This Sunday's readings contain one of my favorite Psalms: Psalm 131, it is short and it is humble.
Psalm 131: 1,2, 3:
Lord my heart is not proud, nor are my eyes haughty. I do not busy myself with great matters, with things too sublime for me. Rather I have stilled my soul, like a weaned child to it's mother, weaned is my soul. Israel hope in the Lord, now and forever.
The response that we are to say is: In you Lord, we have found peace. Is that where you find your peace? Why is peace so elusive? Do you go to the Lord daily in prayer and give to Him all the things you busy yourself with through the day? Do you fill your mind with the word of God, which is living and active? Could it be that we think that exterior peace leads to interior peace?
I know that there are times that my heart and soul get so wound up with activities great or small, debates about issues, great or small, that I am far from peaceful. And when I am agitated and restless, I want to change everything around me, to do something that I hope will transform my turmoil into tranquility (or at least distract me from it). If I get everything in place around me, or if I can control my surroundings, I think that I should be able to attain peace in my soul. I attempt to quiet my restless heart with what I do, what I have or who I love and am loved by in this world, so that I will be satisfied.
But it is not so. And it takes humility to realize it. To humbly be weaned of the temptation to create false peace and to try so hard to control how others see you, treat you or honor you. We need to be content and humble in the presence of the Lord, or else we can fall into the trap of the Pharisees, who "preach but do not practice", or the priests of Malichi 2, who" do not listen" and "do not lay it to heart". They have achieved the places of honor, but have not submitted their hearts and minds to the Lord with humility and love.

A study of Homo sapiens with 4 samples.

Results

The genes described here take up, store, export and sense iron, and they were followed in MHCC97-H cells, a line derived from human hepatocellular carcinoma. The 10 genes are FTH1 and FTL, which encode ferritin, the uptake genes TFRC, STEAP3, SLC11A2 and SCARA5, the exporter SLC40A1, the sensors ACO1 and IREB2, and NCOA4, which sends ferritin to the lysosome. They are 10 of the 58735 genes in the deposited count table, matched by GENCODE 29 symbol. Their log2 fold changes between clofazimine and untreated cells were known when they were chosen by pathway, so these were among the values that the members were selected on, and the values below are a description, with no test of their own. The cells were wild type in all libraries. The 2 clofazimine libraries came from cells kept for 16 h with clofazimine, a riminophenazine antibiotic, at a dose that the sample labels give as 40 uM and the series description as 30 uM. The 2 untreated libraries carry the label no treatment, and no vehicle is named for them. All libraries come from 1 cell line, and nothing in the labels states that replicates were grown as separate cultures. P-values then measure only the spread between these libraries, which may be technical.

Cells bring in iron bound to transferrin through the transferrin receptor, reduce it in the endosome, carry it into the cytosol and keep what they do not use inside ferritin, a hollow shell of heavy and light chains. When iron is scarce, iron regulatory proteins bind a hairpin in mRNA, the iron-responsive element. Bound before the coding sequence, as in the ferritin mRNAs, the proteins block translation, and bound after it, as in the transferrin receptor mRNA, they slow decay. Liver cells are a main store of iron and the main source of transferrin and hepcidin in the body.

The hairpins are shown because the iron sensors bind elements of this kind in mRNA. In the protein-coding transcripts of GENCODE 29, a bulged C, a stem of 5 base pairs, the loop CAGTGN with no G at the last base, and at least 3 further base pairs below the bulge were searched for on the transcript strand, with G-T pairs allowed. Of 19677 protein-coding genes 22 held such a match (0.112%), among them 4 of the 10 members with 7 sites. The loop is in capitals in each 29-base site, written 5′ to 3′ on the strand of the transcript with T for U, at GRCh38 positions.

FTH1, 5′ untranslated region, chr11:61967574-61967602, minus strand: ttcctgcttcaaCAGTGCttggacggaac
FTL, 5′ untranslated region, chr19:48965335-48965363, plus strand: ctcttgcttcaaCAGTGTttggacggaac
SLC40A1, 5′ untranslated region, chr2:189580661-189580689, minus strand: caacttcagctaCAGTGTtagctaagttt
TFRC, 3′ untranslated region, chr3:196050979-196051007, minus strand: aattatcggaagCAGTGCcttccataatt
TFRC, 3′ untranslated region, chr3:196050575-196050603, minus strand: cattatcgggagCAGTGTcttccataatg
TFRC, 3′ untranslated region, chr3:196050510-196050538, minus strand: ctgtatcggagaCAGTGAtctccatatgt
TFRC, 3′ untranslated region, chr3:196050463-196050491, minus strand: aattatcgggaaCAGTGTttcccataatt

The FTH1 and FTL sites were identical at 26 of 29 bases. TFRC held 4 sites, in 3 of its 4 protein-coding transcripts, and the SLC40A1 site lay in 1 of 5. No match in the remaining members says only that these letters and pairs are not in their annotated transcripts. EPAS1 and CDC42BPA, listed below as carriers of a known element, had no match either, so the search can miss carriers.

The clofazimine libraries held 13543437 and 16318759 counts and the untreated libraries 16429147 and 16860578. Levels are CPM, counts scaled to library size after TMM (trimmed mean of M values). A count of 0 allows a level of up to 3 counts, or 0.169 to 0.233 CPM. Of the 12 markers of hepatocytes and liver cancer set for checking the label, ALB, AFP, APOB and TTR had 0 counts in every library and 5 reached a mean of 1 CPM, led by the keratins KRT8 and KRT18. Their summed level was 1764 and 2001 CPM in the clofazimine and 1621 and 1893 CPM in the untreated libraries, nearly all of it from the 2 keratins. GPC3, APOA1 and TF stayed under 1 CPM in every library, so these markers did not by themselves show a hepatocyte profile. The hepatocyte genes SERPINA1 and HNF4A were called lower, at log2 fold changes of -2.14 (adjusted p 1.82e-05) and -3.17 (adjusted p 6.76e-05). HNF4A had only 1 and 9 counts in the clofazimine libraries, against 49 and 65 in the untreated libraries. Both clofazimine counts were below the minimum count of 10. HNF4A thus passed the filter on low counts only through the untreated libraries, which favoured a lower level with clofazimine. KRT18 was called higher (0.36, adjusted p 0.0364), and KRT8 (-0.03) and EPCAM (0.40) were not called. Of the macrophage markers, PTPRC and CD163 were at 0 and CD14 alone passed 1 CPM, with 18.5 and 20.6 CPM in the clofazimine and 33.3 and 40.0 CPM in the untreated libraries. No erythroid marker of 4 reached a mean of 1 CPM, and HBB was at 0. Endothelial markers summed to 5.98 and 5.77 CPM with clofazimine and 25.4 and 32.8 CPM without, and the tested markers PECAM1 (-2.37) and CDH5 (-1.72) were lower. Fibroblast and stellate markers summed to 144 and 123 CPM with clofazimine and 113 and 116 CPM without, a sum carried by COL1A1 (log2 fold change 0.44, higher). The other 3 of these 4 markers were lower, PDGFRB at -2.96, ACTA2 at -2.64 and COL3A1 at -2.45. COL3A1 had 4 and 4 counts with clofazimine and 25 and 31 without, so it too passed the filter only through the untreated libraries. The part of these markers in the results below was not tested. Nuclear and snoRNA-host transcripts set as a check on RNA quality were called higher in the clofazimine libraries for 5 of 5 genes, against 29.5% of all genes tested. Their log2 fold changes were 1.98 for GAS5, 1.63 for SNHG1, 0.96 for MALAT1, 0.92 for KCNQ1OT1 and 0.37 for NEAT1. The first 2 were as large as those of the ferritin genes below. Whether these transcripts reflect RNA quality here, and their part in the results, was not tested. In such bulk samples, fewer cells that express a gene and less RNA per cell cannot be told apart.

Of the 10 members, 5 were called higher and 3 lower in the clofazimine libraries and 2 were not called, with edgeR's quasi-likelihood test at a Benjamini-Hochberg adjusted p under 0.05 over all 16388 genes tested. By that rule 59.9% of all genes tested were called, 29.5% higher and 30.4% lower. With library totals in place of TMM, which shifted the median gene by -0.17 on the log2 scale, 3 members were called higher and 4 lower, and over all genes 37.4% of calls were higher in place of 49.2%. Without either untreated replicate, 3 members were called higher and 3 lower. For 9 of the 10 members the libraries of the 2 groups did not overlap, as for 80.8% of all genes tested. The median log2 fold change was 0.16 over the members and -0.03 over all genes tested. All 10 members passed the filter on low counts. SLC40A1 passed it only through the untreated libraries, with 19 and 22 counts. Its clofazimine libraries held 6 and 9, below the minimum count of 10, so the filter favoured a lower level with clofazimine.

Thus, the Psalm is about prayer, and even great kings, who do have to busy themselves in the world with great and sublime things, must humble themselves and sit at the feet of the Lord where we all should submit our worries and joys, our successes and our failures to our true King. And, if I do not understand that all true peace and lasting joy come from the Lord, and are gifts that are nurtured in prayer and quiet listening, even if I say I believe and trust in the Lord, I will fall prey so easily to false notions of peace, and false notions of faith. This Psalm calls us to a deep reliance and a stronger trust in the Lord, who at times seems to let the world spin out of control.
The mother of a child who is being weaned knows that there are greater things for her child, and her child is ready to move on. The child only knows that mother is withdrawing a comforting form of her nurturing love from him or her, and a very anxious child may be desperate to maintain this comfort with their mother. Here is where this child can grow in trust; the weaning process is not just the removal of a consolation and leaving the little one to comfort himself; what mother does not console her anxious child as they grow and mature leaving behind childish comforts? But upon weaning they are beginning to understand that mother is still near, and still delighting in her child, and they can quietly rest in her lap without being upset at having moved on from earlier stages of nurturing. She has not weaned them to burden them, but to free them. Peace and humility are found in the trust and firm hope that even in middle of chaos and anxiety, when the Lord feels far away, He is still there, and nothing will separate you from His care.
Grace and Peace,
Here is some wisdom from Deacon Paul Rooney about the readings for the Thirty-First Sunday in Ordinary Time.